Another theme which is quite common with persons with lymphoedema is that they have been told to avoid exercise, carrying heavy goods to household chores such as ironing. Hopefully the following will give a little insight in the physiology of the lymphatic system and how exercise can be beneficial to a person with lymphoedema.
The lymphatic system comprises of lymph vessels, nodes, organs, capillaries and lymph, it is a network of vessels throughout the body. The lymphatic system facilitates the removal of extracellular fluid and soluble proteins from the interstitial space into the blood. Transportation of lymph is uni-directional and it can be likened to a ‘one way street’and is propelled through the lymphatic system by internal and external factors.
SO WHAT ARE THESE FACTORS?
For the lymphatic system to function it relies on pressure to generate lymph flow. The initial lymphatic vessels act as simple conduits transporting lymph in response to local tissue changes. It is not until the lymph enters the lymphatic collectors which spontaneously contract, that propulsion of lymph flow occurs.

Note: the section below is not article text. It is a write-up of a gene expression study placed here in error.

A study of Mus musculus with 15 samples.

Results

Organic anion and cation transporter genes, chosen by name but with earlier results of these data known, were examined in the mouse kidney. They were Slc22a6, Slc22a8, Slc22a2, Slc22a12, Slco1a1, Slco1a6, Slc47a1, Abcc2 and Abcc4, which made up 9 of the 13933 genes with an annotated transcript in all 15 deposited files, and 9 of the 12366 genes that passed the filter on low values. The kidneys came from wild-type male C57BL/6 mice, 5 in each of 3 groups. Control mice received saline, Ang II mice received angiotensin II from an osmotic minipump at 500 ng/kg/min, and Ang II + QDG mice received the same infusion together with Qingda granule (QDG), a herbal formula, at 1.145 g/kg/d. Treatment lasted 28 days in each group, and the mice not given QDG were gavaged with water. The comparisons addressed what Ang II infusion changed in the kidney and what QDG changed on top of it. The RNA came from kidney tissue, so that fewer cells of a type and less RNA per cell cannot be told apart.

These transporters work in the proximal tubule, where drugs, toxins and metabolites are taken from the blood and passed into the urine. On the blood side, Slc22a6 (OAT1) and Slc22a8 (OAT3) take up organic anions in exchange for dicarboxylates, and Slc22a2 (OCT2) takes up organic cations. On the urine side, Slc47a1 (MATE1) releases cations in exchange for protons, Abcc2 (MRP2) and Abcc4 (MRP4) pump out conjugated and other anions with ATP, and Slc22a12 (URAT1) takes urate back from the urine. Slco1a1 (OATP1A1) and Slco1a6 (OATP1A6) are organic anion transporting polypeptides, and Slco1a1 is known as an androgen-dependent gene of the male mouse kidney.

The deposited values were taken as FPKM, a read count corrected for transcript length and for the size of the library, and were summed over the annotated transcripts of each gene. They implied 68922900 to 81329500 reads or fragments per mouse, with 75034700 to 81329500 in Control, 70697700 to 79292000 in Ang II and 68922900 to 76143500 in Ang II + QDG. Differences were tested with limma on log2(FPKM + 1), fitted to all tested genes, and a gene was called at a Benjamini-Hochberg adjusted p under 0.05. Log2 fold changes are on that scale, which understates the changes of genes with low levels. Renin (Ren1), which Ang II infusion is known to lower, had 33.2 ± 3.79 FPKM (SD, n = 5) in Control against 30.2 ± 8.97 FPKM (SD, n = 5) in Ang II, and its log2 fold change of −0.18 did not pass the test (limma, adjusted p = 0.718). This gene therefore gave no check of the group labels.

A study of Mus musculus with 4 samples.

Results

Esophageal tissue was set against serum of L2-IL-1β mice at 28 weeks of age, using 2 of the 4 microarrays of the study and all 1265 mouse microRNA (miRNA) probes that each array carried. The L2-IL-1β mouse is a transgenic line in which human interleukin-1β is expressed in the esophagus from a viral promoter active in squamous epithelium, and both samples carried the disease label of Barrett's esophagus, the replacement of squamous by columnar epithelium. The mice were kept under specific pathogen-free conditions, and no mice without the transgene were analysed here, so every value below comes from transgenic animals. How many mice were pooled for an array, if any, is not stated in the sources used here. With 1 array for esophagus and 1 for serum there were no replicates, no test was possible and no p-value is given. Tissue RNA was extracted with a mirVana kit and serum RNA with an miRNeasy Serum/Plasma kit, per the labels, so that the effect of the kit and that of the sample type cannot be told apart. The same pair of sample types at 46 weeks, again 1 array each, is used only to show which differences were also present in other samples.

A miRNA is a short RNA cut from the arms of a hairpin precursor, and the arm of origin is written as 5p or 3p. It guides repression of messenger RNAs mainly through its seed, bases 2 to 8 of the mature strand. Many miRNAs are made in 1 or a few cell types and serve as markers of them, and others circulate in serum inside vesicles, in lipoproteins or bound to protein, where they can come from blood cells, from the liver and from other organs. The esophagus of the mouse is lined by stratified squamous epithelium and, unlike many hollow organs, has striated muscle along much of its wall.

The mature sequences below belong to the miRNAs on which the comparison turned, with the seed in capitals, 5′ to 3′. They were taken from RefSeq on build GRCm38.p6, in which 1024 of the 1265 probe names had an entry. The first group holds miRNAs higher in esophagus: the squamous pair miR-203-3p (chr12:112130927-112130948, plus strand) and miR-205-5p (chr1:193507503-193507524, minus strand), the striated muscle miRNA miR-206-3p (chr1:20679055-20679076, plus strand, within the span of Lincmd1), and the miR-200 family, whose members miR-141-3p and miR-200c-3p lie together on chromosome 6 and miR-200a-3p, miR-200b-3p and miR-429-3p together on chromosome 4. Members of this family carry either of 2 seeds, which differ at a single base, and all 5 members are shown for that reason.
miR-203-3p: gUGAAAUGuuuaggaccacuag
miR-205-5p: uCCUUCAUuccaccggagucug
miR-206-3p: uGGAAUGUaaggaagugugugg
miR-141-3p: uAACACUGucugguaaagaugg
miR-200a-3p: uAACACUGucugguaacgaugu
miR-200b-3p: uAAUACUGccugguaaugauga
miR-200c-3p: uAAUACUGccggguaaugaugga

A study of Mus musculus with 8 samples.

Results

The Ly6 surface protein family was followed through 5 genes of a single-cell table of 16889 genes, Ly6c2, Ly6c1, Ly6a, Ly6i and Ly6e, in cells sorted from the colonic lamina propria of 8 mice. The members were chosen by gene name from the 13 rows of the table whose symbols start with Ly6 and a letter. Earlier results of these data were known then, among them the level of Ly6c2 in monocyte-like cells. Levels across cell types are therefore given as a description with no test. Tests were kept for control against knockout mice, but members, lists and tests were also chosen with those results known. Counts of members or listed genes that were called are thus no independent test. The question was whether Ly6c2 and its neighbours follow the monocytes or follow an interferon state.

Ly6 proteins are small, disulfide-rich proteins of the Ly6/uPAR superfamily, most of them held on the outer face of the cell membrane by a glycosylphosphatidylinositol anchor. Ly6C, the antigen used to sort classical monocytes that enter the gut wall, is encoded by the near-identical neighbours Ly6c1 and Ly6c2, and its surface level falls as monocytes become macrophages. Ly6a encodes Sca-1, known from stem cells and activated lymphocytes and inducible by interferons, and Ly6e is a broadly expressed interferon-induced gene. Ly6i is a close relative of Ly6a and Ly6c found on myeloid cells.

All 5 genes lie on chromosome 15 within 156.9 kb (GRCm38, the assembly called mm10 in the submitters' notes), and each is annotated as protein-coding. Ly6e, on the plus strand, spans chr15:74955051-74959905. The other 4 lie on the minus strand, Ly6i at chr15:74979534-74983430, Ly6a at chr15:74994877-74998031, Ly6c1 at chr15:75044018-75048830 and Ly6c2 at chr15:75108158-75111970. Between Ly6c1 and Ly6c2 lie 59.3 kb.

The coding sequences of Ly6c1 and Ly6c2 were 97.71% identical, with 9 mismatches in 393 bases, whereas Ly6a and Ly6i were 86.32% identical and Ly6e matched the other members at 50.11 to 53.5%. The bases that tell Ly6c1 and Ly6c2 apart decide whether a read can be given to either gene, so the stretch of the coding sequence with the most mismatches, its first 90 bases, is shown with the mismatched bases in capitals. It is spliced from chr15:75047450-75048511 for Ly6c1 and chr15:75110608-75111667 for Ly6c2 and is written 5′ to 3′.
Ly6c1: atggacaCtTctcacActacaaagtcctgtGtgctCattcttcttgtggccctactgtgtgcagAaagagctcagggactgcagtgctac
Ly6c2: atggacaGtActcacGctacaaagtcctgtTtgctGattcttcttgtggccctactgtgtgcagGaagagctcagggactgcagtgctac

Important external contributors to lymph flow are the musculoskeletal and cardiovascular systems owing to their close proximity with the lymphatic system vessels. Muscle contractions, respiration (especially deep diaphragm breathing) and blood flow all aid in the lymph flow. When the muscle contracts, it creates a gentle pressure to the surrounding areas (tissue, vessels, lymph) and it is this contraction that aids the flow of lymph.
How I explain this to my clients is that blood is ‘pumped’ around the body via the heart. The lymphatic system doesn’t have a pump and relies on the contractability of the vessels to move the lymph. So if we can encourage the affected limb to contract, and if we can do this through gentle exercise, then this in turn will aid the flow of lymph.
I am also a big fan of deep abdominal breathing as there are many lymphatic structures in this region. If you have done yoga, it is the same technique! Just inhale deeply through your nose to the bottom of your belly and slowly exhale through your nose bringing your belly button towards your spine. Do this for 5-10 mins a day.
A study conducted by Cormie et al.,(2013) and Fong et al.,(2014) found that doing upper body resistance or taichi exercises did not increase the swelling or feeling of discomfort in the lymphoedemous limb.
Cormie, P., Galvao,D., Spry, N., Newton, R., (2013). Neither heavy nor light load resistance exercise acutely exacerbates lymphoedema in breast cancer survivor. Integrative Cancer Therapies (125,423 -432.
Fong, S., Ng, S., Luk, W., Chung, J., Ho, J., Ying, M., Ma, A., (2014). Effects of Qigong exercise on upper limb lymphoedema and blood flow in survivors of breast cancer – A pilot study. Integrative Cancer Therapies (13 1, 54-61.